The Sugar Regulatory Administration (SRA) has issued an order to allot 7 percent of sugar production for the current crop year for the US market and the remaining 93 percent for local consumption.
Sugar crop year in the Philippines starts in September and ends in August of the following year. This year, sugar production is expected to reach 2.190 million metric tons (MT).
Under the agency’s Sugar Order No. 1 series 2020-2021, a higher allotment for sugar intended for the US market was decided since the country’s domestic raw sugar withdrawals for the current crop year is only estimated at 1.97 million MT.
The issuance mentioned that the expected 2 percent growth in sugar production this crop year from the previous 2.145 million MT is driven by favorable weather conditions and more sugarcane area.
However, the SRA explained that the order will be assessed based on actual production and withdrawals trend and may be adjusted from time to time if ever the estimates will not reflect the actual situation later on.
Notably, during the last crop year, the allotment was 5 percent for the US market and the remaining 95 percent for local consumption as B sugar.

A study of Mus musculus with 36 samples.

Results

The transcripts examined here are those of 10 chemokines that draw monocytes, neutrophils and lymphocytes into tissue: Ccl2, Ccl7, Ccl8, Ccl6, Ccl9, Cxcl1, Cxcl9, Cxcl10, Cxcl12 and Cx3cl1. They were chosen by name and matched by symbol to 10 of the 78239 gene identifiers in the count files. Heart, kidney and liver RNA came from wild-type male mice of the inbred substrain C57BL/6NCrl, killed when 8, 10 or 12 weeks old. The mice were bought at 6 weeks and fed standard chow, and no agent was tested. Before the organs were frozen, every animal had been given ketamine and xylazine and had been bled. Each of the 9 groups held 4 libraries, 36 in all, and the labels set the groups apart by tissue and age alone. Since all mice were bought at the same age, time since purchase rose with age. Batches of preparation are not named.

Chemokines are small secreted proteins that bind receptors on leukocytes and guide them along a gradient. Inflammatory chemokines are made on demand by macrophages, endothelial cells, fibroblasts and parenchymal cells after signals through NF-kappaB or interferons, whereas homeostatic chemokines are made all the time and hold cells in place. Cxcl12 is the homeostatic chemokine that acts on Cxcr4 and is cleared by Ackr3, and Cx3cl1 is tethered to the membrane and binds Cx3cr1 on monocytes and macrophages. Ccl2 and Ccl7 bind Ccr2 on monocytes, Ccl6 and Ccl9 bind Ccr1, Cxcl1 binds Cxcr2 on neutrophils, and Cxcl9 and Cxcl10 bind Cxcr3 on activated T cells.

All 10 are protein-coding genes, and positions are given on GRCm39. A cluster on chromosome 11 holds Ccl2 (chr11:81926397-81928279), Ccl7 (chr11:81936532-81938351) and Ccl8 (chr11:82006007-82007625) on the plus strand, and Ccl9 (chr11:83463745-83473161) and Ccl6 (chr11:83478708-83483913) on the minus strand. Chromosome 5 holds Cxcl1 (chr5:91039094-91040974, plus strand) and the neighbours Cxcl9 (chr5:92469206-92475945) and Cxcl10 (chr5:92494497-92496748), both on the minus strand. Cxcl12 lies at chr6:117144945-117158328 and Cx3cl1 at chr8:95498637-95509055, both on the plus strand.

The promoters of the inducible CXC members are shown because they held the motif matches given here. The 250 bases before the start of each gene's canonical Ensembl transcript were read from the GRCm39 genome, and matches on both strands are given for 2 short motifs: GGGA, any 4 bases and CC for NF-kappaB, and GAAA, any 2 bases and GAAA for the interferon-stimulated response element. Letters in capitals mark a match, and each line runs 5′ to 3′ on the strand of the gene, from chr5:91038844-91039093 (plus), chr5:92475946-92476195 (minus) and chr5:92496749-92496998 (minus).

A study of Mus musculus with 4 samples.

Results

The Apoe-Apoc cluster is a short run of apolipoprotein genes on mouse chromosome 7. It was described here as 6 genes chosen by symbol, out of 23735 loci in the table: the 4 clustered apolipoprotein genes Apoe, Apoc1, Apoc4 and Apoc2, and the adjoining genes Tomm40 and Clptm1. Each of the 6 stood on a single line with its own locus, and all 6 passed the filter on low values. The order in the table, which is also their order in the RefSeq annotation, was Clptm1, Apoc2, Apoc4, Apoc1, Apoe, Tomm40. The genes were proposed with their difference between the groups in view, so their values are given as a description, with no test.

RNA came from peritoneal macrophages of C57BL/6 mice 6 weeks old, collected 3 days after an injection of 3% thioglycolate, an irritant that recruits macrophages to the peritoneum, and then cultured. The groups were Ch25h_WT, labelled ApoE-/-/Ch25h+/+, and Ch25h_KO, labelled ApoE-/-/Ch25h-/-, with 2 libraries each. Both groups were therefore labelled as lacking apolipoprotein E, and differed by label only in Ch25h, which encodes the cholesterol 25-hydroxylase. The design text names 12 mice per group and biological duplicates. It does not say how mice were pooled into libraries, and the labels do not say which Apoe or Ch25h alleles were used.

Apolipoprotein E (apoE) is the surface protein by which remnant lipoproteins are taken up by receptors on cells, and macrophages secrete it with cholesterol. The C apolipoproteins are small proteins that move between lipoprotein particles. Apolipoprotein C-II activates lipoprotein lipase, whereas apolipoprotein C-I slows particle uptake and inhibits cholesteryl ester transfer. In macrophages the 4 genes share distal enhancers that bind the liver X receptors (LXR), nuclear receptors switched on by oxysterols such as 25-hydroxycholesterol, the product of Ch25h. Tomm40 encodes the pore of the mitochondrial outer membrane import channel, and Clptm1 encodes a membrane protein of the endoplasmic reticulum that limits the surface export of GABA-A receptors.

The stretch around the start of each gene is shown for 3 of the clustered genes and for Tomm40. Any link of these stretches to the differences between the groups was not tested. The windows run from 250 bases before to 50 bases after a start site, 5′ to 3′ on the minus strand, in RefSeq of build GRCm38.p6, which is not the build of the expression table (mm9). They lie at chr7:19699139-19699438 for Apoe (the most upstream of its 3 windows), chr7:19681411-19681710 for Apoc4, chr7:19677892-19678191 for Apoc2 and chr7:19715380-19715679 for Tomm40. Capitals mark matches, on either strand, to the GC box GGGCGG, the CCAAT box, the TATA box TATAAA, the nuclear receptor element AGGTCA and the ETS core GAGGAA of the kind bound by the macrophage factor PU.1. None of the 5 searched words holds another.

On the other hand, local sugar stakeholders expressed that even if they do not completely agree with this crop year’s allotment, they can work it out as long as the agency would not allot for the world market apart from the US.
“As much as theConfederation of Sugar Producers proposed 6 percent for A and 94 percent for B, we think the additional 1 percent which we estimate to be 153,000 MT over US quota of 136,000 MT might create problems due to demand in the US because of the pandemic. But we can live with that for as long as we have no D allocation (for world market) and no sugar importation for this crop year 2020-2021,” Nicolas Ledesma Jr., the group’s chairman inNegros and Panay, said in a statement.
Meanwhile, Asociacion de Agricultores de La Carlota y Pontevedra, Inc. president, Roberto Cuenca, stated that they will follow and abide with the SRA’s orders but emphasized that they advocated to just retain the 5 percent allocation for A sugar.
The Philippines’ sugar export quota under the tariff-rate quota (TRQ) to the US is currently the third largest among selected nations.
TRQ allow countries to export specified quantities of a product to the US at a relatively low tariff, but subject all imports of the product above a pre-determined threshold to a higher tariff.
The said quota is deemed important as the Philippines is only among selected countries given with an annual allocation of sugar export to the US market at a premium.